No holy cows in satire

2013-10-31 00:00

I HAVE tried, really, really, tried, to get offended by Zapiro’s cartoon, but I just cannot. I really don’t get what all the fuss is about.

Even as I stare at a picture of our beloved Hindu god Ganesha, who is mythologised as the son of Shiva and Parvathi, and brother of Muruga, and as I stare once again at the caricature in the Sunday Times, I’m simply unfazed. Maybe my sensibilities are a bit warped, but as a Hindu, my beliefs don’t hinge on what others think of them.

The story so far is that Cricket SA (CSA) is sacrificing its CEO, Haroon Lorgat, to please the Board of Control for Cricket in India (BCCI). When Lorgat headed the International Cricket Council (ICC) from 2008 to 2012, he allegedly had strained relations with Indian cricket, so they were unhappy with having to deal with him during the planning of the December tour in South Africa and threatened to pull out. We would’ve lost about R500 million in revenue from the tour. Logart’s sudden suspension comes under the guise of an ICC probe into alleged misconduct, but critics say he’s the scapegoat.

The cartoon is rather clever.

Ganesha represents Indian cricket and this works on many levels. He is an instantly recognisable deity of India’s biggest religion, Hinduism. He is worshipped first before the start of any prayer and plays a gatekeeper role, allowing us access to the other gods. Our invocation of Ganesha is essential to progress further in any ritual or process. Cricket in India is like a religion itself, uniting Indians in a mystical frenzy that few could understand. The adulation given to their men in blue, the Tendulkars of the game, is not unlike the unwavering devotion reserved for deities. Yet, the economic fruits of cricket make it a multibillion rupee industry, generating 80% of global cricket wealth. To access this Indian powerhouse, you’ve got to curry favour with the BCCI. Its ability to generate such huge revenue means that countries such as South Africa have good reason to hang on its coat-tails.

In February, Australian commentator Dean Jones wrote that “money speaks all languages, and India’s power has made all cricket nations bow to the needs of the BCCI”.

The trance-like obedience of CSA, willing to sacrifice whomever at the altar of sport capitalism, is well-depicted by Zapiro. The SA Hindu Dharma Sabha, however, has understandably taken the knee-jerk, emotional reaction, and made the usual hullaballoo about being outraged and mocked. That’s their role, I suppose, and we need cultural watchdogs to protect minority rights.

But I disagree. I’m with Sunday Times editor Phylicia Oppelt, whose diplomatic response was that the cartoon isn’t about Hinduism, it’s about corruption in cricket. Merely using Hindu iconography isn’t disrespectful, and “to read the cartoon as an expression of disrespect to Hinduism is to misconstrue the point”.

It’s with some irony that this debate broke out as matriculants geared up for their English examinations. Knowing the difference between literal and metaphorical levels of meaning is necessary here to ensure we all keep our cools when satire stings.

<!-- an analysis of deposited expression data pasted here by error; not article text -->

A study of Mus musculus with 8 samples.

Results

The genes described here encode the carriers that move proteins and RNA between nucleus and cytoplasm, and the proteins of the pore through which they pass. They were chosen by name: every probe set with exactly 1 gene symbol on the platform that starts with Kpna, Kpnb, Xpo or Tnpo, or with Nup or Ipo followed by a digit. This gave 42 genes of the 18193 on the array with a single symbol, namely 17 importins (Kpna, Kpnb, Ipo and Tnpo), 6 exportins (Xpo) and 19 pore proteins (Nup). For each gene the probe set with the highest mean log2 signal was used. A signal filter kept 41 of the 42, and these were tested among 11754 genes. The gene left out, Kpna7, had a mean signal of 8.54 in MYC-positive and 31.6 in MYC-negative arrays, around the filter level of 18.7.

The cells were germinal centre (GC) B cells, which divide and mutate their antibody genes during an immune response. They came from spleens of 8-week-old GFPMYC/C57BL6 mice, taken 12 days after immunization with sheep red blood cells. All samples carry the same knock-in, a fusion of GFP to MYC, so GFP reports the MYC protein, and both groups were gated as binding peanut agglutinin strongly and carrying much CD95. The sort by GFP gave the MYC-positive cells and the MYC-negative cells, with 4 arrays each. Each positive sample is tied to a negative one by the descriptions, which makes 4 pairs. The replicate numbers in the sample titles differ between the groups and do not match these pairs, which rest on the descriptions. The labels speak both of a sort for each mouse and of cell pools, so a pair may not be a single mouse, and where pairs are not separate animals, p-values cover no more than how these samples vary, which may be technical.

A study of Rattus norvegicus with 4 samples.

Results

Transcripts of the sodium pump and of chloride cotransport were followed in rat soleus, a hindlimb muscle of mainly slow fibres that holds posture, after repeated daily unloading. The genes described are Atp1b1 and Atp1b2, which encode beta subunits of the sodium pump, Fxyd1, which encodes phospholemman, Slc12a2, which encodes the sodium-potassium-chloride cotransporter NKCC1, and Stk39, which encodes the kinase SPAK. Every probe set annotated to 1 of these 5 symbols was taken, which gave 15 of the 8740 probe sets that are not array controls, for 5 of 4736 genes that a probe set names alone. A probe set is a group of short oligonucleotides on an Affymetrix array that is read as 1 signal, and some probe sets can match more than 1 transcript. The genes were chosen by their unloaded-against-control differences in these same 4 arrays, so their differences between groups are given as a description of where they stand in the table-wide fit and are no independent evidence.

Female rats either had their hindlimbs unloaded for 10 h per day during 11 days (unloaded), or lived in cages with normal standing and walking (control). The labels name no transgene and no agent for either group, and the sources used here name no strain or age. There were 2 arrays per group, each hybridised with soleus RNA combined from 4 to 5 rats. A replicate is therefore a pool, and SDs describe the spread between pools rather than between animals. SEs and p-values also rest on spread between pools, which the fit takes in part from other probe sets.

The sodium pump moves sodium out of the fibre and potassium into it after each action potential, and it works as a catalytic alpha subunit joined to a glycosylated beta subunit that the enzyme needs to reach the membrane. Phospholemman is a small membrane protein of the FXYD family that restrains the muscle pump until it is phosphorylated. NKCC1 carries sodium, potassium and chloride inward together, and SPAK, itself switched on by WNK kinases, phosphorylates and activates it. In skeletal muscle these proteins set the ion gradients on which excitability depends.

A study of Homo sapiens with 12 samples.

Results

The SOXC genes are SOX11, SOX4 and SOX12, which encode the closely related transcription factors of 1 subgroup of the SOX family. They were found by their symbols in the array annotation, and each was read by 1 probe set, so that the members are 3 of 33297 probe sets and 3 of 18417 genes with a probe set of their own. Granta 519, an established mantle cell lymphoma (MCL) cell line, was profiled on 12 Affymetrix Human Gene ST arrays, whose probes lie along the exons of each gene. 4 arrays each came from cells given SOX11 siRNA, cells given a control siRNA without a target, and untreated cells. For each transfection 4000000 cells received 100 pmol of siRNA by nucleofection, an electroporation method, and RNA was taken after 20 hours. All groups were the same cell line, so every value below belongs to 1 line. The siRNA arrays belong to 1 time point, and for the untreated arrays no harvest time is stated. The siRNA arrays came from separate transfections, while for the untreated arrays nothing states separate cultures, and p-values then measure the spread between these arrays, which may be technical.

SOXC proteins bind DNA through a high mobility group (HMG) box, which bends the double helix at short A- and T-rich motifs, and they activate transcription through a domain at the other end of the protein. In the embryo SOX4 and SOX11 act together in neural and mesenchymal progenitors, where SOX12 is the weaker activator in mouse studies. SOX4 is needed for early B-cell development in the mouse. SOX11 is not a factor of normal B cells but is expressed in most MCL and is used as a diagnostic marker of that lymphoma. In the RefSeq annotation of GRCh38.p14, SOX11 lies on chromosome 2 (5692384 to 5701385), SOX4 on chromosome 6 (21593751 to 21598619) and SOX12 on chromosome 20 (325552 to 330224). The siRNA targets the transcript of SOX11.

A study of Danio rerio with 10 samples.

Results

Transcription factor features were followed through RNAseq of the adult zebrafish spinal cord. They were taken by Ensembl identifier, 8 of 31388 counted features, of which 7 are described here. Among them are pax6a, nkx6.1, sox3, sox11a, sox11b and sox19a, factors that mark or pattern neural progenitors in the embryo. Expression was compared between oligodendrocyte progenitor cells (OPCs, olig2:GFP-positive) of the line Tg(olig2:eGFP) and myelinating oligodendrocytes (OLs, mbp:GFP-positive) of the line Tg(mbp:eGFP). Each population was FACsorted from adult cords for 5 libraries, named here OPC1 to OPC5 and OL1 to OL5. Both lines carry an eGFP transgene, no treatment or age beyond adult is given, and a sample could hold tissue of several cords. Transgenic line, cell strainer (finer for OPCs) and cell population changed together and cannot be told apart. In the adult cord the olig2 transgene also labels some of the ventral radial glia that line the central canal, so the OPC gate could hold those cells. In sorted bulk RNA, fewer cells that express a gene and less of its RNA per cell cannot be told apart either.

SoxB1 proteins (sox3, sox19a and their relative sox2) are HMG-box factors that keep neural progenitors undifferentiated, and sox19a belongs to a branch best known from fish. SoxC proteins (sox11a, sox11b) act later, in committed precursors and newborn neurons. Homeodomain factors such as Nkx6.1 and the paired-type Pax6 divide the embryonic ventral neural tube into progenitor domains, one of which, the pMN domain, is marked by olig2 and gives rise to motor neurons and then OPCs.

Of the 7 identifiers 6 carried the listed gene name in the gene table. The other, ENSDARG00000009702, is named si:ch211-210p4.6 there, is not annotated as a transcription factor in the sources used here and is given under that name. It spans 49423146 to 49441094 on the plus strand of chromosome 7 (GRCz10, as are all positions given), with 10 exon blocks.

Zapiro — who owes us no apology because he has done nothing wrong —

concedes that “my criteria as to what is an appropriate metaphor may be different from the criteria of some devotees”. He’s politely telling us to take a hike, because if you feel insulted, that’s your business. His job is social commentary.

Given the metaphorical intent behind the image, I’d be surprised if anyone could make a decent philosophical argument that the cartoon is so morally reprehensible that it needs to be censored —which is what Ram Maharaj and other Hindu officials are claiming. If social commentators — cartoonists, columnist, poets, film-makers, novelists and academics — all started self-censoring what they felt could offend others, we would lose all stimuli for a robust public sphere. You need a thick skin to enjoy a secular democracy.

As one cyberspace reader commented: “Beliefs are open to mockery and criticism — you can practise it freely of course, but you cannot dictate to those outside your religion to adhere to your religious prescripts.”

But of course, bigotry cannot masquerade as free speech, and when there’s a real violation of others’ dignity, even satirists must be called out.

But those blurred lines that traverse into hate speech or blatantly disrespectful intentions were not crossed here. As another blogger pointed out: “When Rihanna behaved inappropriately at the mosque, she did it on Muslim property in a Muslim country, so I feel they had every right to ask her not to do so. In this instance, Zapiro did not desecrate anything and he certainly did not accuse Hinduism of anything.”

When we untangle ourselves from the emotions roused by seeing our homely icons being reappropriated for confusing and uncomfortable purposes, we awkwardly have to allow such trespasses for the sake of the greater good.

As in politics, there can be no holy cows in religion, not even Hinduism. And if Ganesha really is irked, karma knows where Zapiro stays.

• Suntosh R. Pillay is a clinical psychologist who works in a public hospital in Durban. He writes independent social commentary for print and online media.